Remembrance Sunday

  • December 25, 2014

    A paper outlining moves towards a New Remembrance aimed at investing in peace-building rather than glorifying war-making has been published by the Christian think-tank Ekklesia, coinciding with commemorations of the fabled ‘Christmas Truces’.

  • December 25, 2014
  • November 12, 2014

    The online Jesuit journal 'Thinking Faith' has some useful and thought-provoking articles connected with Remembrance and the First World War centenary in its latest issue.

  • November 11, 2014

    'How ought war to be remembered in schools?' is the question David Aldridge asks in the journal Impact, published by the Philosophy of Education Society of Great Britain. It is well worth reading alongside Ekklesia's report on 'Re-imagining Remembrance' (

  • November 8, 2014

    As a cradle Catholic, missing Sunday Mass was never an option, we went every week without fail. And though I am more flexible these days – I will take a break if I’m tired, or there is a one off event I can’t miss – weekly Mass is still central to my life. Most Sundays will find me, sitting with my family, at the 10am service, where I always appreciate coming before God with my faith community.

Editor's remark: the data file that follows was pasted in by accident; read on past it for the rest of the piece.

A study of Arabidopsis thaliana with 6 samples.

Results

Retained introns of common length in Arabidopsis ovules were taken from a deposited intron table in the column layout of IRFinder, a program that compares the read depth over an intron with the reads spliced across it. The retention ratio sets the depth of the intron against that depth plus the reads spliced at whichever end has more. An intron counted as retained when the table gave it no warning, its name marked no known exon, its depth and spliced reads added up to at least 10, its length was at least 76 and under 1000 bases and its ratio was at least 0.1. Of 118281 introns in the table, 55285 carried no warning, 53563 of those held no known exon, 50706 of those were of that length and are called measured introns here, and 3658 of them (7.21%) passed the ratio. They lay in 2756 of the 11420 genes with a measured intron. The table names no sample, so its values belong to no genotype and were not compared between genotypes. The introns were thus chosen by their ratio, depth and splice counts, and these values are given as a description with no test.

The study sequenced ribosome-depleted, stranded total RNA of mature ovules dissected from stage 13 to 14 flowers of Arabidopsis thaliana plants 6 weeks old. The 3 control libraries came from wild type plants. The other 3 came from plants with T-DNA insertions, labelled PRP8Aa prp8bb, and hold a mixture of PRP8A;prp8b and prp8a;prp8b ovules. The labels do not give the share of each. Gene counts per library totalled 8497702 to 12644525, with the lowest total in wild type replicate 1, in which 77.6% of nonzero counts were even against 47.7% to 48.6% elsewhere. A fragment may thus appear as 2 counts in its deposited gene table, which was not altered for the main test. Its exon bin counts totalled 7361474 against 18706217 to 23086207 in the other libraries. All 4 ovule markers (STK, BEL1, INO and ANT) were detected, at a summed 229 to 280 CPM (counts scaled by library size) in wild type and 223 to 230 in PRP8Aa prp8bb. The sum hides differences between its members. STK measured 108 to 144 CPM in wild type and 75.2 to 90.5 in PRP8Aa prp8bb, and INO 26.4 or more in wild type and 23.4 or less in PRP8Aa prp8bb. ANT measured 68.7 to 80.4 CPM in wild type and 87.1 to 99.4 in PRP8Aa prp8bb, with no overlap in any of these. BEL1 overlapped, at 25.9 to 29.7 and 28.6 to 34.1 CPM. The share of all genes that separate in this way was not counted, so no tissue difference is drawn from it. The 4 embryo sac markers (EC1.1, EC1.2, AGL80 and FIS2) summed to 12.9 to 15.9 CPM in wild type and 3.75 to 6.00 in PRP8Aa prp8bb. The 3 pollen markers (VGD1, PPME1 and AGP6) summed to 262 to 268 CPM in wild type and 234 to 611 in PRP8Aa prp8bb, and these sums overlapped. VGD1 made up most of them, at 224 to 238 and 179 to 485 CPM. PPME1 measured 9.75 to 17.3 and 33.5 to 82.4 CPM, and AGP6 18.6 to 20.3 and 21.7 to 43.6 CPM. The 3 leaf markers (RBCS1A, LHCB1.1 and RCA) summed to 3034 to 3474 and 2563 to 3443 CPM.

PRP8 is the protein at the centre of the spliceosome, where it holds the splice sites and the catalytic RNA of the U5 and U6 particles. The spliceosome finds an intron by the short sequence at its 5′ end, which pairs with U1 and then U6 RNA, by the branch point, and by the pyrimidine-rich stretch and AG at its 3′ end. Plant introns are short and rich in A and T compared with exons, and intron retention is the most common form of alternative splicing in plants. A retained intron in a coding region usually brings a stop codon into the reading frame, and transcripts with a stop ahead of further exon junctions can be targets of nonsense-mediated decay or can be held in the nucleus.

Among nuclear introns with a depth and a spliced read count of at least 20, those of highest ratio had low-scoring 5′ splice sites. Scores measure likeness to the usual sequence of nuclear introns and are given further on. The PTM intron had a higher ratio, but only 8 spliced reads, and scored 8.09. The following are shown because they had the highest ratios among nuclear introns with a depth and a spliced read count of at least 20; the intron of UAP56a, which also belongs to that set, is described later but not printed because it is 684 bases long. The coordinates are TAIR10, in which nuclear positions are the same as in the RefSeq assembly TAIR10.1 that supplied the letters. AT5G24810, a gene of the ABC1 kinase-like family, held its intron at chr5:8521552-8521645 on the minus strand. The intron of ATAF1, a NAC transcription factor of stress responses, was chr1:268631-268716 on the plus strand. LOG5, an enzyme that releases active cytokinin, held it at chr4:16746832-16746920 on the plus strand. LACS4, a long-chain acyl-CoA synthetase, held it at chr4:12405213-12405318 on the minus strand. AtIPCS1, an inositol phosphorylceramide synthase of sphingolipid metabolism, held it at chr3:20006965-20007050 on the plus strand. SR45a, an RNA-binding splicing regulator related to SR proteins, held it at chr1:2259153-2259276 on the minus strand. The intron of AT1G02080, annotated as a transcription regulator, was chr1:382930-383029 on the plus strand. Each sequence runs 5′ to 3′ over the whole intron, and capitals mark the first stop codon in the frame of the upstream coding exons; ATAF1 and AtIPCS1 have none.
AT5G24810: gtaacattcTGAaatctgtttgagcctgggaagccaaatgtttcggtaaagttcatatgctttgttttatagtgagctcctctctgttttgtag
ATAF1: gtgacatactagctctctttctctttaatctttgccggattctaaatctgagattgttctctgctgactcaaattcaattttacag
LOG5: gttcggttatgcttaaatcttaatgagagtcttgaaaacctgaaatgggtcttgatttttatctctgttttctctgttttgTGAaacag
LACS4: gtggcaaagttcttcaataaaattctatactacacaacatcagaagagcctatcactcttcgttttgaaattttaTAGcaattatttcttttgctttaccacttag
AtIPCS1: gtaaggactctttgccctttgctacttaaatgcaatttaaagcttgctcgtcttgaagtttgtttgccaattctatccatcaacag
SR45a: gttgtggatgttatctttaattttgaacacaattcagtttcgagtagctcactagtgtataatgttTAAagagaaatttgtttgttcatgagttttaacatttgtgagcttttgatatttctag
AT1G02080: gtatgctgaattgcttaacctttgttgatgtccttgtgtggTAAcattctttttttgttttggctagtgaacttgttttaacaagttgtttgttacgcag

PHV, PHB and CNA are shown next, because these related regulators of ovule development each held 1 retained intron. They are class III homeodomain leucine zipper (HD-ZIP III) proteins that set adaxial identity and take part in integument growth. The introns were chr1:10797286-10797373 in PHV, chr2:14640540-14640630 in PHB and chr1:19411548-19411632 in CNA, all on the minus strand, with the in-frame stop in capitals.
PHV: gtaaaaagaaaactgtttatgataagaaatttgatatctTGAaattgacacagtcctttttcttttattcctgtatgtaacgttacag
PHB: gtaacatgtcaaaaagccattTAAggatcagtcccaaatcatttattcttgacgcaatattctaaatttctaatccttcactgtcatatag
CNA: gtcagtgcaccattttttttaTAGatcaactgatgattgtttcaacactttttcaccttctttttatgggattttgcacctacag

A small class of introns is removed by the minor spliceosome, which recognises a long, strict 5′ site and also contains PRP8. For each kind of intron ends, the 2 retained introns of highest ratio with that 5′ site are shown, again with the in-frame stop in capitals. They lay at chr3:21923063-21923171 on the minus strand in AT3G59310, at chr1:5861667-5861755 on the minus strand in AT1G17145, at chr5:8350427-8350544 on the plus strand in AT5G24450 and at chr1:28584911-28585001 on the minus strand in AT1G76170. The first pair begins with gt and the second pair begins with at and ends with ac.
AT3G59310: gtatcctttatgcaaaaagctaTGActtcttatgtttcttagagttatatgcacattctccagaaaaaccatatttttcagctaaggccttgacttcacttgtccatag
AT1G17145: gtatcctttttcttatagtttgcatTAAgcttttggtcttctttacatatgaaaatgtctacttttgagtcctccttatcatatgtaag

• November 3, 2014

    Our colleagues at Pax Christi UK, part of the international Catholic peace movement, have put out a statement following consultation with members, and a link to resources around Remembrance.

  • October 28, 2014

    This year Remembrance Day and the Sunday events associated with it will have an added poignancy because of the marking of the centenary of the First World War and all the discussion and debate that has occasioned.

  • October 23, 2014
  • November 11, 2012

    Our thanks to Karl Dallas for pointing us towards the excellent Liberation Radio Remembrance Day Service, and BCB broadcast of Benjamin Britten's moving and thoughtful War Requiem.

  • November 12, 2011

    The red poppy has been compromised by political expediency and popular sentiment, suggests Jill Segger. Can we step past the current construct and rediscover the enduring meaning of remembrance and its potential to remodel our future?